Who and What Art Thou?

Today I’m a disciple of Peter Pan. Why? Well, since you asked:

As I enter the aftermath of the holidays, I feel disoriented. It’s not uncommon for me to hold together well in the face of a predicted struggle, only to drift apart when the challenge has been met. I marshaled my strength and resources to hold my self-care precious through these days, and I did a good job. But now–relatives gone, temptation-loaded meals served, overstimulating rooms quiet–I still feel the need to pull wisps of myself back together from the void.

It’s time to remember who I am.

Not that this is at all strange: I forget my truest Self thousands of times a day, because I am human. Progress is about improving the ratio between remembering and forgetting. When I have been around certain people or had a lot of stimulation, that ratio can get a little skewed even if I have worked very hard at maintaining it. Playing a role, even an innocuous one, for any length of time creates a need to re-establish an inner equilibrium.

So I need to revisit the parts of me that are inviolate, mysterious and sacred: the parts that not everyone can see. The parts that are beyond my old family roles and dynamics. The parts that are indestructible and exist outside hierarchies of perceived merit. In doing this, I get closer to knowing who I am. At the very least, I get an awareness that what I am may be very different from what I was taught to believe.

But remembering who I am is also about remembering that something about what I am cannot–need not–be known or expressed in any concrete sense. Many years ago, when I first read Peter Pan, I got shivers at this passage where Pan is fighting Captain Hook. Hook calls out to Pan:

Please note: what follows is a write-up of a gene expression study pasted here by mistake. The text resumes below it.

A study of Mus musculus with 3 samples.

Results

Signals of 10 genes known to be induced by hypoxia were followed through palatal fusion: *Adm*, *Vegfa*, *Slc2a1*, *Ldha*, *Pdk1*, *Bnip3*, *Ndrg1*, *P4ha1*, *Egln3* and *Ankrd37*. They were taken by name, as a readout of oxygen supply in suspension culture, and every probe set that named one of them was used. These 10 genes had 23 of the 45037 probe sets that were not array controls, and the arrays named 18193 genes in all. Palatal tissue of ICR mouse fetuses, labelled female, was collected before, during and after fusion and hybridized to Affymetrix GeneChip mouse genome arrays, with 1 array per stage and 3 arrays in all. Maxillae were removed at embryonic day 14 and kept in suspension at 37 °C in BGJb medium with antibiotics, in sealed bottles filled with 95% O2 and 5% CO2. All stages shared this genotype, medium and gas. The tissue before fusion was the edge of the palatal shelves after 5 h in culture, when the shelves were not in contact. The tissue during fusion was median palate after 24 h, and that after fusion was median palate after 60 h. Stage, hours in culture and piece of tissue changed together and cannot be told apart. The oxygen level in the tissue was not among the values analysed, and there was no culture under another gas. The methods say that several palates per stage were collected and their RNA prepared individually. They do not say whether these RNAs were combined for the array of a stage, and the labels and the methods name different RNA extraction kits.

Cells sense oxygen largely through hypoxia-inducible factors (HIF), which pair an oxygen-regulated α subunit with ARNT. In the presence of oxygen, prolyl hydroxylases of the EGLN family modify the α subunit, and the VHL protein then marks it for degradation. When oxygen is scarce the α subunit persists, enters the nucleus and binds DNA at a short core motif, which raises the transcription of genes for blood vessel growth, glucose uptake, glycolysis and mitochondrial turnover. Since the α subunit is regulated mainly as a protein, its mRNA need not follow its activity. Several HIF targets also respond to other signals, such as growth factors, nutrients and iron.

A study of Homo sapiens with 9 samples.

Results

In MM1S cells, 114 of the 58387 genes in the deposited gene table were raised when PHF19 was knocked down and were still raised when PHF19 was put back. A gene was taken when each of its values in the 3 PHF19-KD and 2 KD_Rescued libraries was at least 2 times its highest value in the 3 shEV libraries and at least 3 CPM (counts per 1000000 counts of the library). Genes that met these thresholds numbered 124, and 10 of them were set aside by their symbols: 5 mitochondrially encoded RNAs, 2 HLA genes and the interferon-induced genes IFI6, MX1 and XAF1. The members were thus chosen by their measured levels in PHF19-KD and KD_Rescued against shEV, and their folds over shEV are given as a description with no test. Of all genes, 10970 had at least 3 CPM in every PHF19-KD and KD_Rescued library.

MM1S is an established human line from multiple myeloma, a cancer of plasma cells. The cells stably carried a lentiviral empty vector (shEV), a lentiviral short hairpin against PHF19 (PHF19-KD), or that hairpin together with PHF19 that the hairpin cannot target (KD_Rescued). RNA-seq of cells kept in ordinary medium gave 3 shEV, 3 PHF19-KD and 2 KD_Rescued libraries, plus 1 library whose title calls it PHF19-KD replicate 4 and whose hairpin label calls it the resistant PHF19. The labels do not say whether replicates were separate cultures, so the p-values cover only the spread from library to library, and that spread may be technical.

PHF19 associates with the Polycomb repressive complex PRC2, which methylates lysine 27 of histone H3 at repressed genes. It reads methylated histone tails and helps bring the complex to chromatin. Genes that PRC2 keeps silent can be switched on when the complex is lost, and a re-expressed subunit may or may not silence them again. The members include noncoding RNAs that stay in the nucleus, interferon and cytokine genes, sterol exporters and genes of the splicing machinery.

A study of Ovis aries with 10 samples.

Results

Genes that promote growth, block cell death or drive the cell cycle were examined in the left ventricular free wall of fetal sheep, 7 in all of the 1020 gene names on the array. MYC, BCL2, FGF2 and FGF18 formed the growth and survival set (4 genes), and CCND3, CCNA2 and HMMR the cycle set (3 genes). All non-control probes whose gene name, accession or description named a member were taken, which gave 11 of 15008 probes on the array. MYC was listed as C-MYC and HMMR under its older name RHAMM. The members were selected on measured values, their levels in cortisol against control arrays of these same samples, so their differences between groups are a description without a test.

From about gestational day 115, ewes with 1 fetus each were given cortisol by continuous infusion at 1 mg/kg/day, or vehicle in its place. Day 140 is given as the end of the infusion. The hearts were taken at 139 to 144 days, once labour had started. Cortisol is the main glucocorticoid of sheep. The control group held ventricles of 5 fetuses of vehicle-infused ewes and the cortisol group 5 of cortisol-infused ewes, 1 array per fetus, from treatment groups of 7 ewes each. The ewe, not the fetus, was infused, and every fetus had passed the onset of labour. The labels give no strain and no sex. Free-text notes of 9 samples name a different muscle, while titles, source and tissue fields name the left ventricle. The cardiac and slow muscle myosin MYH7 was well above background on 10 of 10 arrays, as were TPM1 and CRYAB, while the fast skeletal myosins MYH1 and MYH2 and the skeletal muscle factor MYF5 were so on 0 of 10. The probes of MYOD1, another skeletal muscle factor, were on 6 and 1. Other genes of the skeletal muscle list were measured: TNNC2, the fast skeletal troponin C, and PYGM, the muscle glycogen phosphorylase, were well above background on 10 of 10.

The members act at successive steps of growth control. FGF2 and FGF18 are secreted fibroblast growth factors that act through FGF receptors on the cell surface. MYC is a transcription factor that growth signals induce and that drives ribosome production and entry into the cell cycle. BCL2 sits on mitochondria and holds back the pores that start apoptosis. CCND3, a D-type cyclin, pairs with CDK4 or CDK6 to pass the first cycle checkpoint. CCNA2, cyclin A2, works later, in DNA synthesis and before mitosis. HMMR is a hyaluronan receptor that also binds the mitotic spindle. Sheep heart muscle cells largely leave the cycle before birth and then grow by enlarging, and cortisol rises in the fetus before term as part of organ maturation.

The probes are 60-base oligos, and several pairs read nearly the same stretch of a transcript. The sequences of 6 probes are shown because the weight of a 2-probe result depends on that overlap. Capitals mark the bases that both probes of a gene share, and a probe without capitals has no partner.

“Pan, who and what art thou?” he cried huskily.
“I’m youth, I’m joy,” Peter answered at a venture. “I’m a little bird that has broken out of the egg.”
This, of course, was nonsense; but it was proof to the unhappy Hook that Peter did not know in the least who or what he was, which is the very pinnacle of good form.

I didn’t have the faintest idea of what that really meant, but I loved it. It spoke to my little over-intellectualized heart about the magic of simply being. When I fled to my computer today to center myself with writing, and thought of it as trying to remember who I am, that passage leapt into my head and would not leave.

Why is it speaking so strongly to me today? I think it’s because I need the additional mystery to increase my psyche’s resistance to the projections of others. Getting back in touch with my spiritual side and creative side helps reassure me that there is more to me than my past, but if I need something extra, I can also remember that I do share an important quality with Peter Pan: at the core I’m a mystery and I don’t know who, or what, I am.

And if I don’t know…they certainly don’t.

One response to “Who and What Art Thou?

  1. What a beautiful piece. We all are mysteries aren’t we. It definitely keeps life interesting. I think if I spent more time “being” and less time doing what I think makes me me, I’d be much more peaceful. I am mindful of this on most days at least.